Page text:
In fact, the outfielders' short-term performance in the weeks leading up to their promotions, and those of their peers seem to have relatively little to do with these moves. Is that really the case?
The 23-year old den Dekker was hitting .296/.362/.494 in 67 games for St. Lucie. In the case of den Dekker, we've been over these splits before, but in April, he was completely batting average and BABIP driven. Every month afterward, he increased his walk rate, which is excellent. This, however came at a cost of an increasing strikeout rate, up to 25% in June. However, his extra-base hits turned into homers in June which is cool.
On May 31, Cory Vaughn, who turned 22 on May 1, was hitting .333/.457/.481. He then slumped to .154/.225/.215 with five walks and 20 strikeouts in 65 at-bats over 17 games in June. For those of you scoring along at home, that's a strikeout rate of 28% in his last two and a half weeks in the SAL. He still finished his time in the SAL at .286/.405/.408.
The guy who didn't move? Juan Lagares, who turned 22 in March. He's hitting .341/.378/.493 overall and leading the FSL in batting average and is eighth in OPS. By comparison, he's at 18 extra-base hits for the year; den Dekker had 17 extra-base hits in April. A big part of his success has been BABIPs above .400 in May and June, which isn't just an indication of luck in the minors. He's hitting a lot of balls hard. However, his walk rate, of 5.3% for the year is the lowest of the three outfielders here and at 3.9% in June isn't moving up. However, that's mitigated, to a large degree by the lowest strikeout rate of the trio. His 13% k/rate for the year is awfully impressive. It would seem to be just a matter of time before Lagares heads to AA, but I suspect that before he goes, the Mets will demand some increase in his walk rate.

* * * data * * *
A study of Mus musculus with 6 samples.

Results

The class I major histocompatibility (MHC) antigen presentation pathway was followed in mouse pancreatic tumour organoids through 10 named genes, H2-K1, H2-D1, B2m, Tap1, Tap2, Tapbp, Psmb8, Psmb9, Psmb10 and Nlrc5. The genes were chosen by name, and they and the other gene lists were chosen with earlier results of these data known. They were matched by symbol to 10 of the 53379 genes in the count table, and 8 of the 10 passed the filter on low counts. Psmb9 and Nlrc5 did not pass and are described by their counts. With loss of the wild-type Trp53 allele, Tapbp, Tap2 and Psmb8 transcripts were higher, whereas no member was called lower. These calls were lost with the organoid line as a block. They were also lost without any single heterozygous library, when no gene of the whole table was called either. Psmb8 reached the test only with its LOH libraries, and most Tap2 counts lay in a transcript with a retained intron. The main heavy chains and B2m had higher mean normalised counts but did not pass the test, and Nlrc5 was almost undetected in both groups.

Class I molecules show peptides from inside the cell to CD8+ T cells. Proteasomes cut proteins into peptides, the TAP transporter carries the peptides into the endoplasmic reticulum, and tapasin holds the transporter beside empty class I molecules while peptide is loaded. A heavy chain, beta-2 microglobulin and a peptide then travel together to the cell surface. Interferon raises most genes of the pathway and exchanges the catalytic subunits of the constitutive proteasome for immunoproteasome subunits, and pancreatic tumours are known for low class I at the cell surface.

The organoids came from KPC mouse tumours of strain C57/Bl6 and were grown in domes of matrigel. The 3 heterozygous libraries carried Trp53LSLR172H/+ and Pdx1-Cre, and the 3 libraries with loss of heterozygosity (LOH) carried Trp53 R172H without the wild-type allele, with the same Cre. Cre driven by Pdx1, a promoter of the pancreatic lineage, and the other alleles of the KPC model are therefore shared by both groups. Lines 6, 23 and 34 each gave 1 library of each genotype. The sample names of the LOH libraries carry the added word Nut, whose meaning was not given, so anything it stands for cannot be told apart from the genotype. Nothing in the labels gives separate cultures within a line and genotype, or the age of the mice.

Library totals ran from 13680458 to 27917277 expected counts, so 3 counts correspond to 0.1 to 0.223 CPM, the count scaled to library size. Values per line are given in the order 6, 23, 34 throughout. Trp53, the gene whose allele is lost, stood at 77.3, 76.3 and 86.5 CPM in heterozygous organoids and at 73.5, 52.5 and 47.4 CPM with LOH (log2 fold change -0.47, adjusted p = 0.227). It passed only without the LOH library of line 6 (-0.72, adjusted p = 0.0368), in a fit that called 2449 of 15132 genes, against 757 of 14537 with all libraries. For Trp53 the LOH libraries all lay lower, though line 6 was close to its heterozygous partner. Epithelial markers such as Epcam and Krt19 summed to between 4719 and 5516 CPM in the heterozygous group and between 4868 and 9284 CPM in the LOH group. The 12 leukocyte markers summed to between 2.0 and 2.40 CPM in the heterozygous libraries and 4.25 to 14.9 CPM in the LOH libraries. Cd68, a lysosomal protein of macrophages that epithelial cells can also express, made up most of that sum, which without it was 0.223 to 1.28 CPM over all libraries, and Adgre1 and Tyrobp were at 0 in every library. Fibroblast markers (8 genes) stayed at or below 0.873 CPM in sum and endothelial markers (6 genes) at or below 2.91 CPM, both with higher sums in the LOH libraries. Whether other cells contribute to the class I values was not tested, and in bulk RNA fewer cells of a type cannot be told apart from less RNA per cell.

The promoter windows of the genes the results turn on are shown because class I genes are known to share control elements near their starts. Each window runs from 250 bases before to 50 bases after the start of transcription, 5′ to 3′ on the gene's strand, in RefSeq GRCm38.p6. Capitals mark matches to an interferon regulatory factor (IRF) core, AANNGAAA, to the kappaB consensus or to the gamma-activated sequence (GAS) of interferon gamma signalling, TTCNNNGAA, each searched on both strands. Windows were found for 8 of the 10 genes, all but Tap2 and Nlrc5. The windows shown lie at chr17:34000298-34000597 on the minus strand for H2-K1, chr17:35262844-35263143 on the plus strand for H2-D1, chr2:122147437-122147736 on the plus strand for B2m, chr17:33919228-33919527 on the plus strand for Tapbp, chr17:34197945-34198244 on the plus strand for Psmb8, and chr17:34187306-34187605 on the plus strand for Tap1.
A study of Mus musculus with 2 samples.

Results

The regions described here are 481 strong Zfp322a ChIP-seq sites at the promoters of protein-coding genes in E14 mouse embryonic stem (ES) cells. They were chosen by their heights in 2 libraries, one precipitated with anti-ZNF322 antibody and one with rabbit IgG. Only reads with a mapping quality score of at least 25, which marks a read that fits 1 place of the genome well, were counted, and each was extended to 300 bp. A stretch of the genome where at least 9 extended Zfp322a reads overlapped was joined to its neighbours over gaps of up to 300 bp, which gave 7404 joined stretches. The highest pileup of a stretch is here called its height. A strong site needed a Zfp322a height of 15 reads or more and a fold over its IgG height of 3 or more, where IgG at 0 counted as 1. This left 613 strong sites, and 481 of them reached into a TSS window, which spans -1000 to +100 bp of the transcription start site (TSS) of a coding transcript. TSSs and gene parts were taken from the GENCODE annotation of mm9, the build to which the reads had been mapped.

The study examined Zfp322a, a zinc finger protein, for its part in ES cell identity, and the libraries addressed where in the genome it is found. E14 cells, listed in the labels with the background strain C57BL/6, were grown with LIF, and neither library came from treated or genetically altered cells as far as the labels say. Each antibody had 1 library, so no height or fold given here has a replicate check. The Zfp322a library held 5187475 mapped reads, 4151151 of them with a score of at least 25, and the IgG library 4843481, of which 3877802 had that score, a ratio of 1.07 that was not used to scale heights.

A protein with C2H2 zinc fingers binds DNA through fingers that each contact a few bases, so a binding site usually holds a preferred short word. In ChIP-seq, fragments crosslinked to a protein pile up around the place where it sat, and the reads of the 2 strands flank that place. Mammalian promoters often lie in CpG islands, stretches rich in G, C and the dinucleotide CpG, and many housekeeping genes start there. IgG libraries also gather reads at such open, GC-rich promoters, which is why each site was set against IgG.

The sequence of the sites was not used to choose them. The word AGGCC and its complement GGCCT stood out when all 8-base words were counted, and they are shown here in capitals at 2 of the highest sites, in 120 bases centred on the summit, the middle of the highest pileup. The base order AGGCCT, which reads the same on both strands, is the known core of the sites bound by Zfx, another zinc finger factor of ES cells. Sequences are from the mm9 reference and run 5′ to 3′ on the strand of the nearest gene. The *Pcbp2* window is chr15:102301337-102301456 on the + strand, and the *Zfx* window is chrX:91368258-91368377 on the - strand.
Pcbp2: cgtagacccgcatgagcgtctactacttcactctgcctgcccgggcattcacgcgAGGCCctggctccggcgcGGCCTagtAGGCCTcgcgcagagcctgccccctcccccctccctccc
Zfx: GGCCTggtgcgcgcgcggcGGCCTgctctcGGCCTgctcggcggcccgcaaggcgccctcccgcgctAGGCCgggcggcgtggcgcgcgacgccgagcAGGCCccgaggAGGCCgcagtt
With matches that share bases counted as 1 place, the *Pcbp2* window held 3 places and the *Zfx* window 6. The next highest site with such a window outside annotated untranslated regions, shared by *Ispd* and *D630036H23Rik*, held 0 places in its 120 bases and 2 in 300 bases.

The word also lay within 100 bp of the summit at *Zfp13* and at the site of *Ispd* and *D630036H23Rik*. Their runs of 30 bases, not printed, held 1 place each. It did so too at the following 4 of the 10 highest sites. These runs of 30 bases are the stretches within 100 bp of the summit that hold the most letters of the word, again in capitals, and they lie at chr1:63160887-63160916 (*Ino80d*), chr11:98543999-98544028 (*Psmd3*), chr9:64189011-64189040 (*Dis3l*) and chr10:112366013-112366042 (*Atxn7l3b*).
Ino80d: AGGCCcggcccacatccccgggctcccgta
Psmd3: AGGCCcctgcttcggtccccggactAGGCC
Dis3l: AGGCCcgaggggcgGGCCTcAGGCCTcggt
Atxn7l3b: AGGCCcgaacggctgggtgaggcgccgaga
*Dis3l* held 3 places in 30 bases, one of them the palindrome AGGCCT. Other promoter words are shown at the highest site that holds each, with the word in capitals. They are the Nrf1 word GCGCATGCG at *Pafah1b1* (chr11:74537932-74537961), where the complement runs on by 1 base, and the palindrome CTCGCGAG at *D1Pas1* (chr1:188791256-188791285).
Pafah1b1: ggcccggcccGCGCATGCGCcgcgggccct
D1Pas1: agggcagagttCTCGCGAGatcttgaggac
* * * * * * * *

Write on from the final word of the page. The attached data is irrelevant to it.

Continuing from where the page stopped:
I thought it was pretty interesting that Cory Vaughn was promoted at a time when he was at his coldest, while Lagares, who's hitting everything in sight, remains in St. Lucie. However, look past the batting averages towards the players' ages and component skills and this series of transactions makes a lot more sense. Also, it's another great reminder not to take 2.5 weeks of baseball performance data too seriously!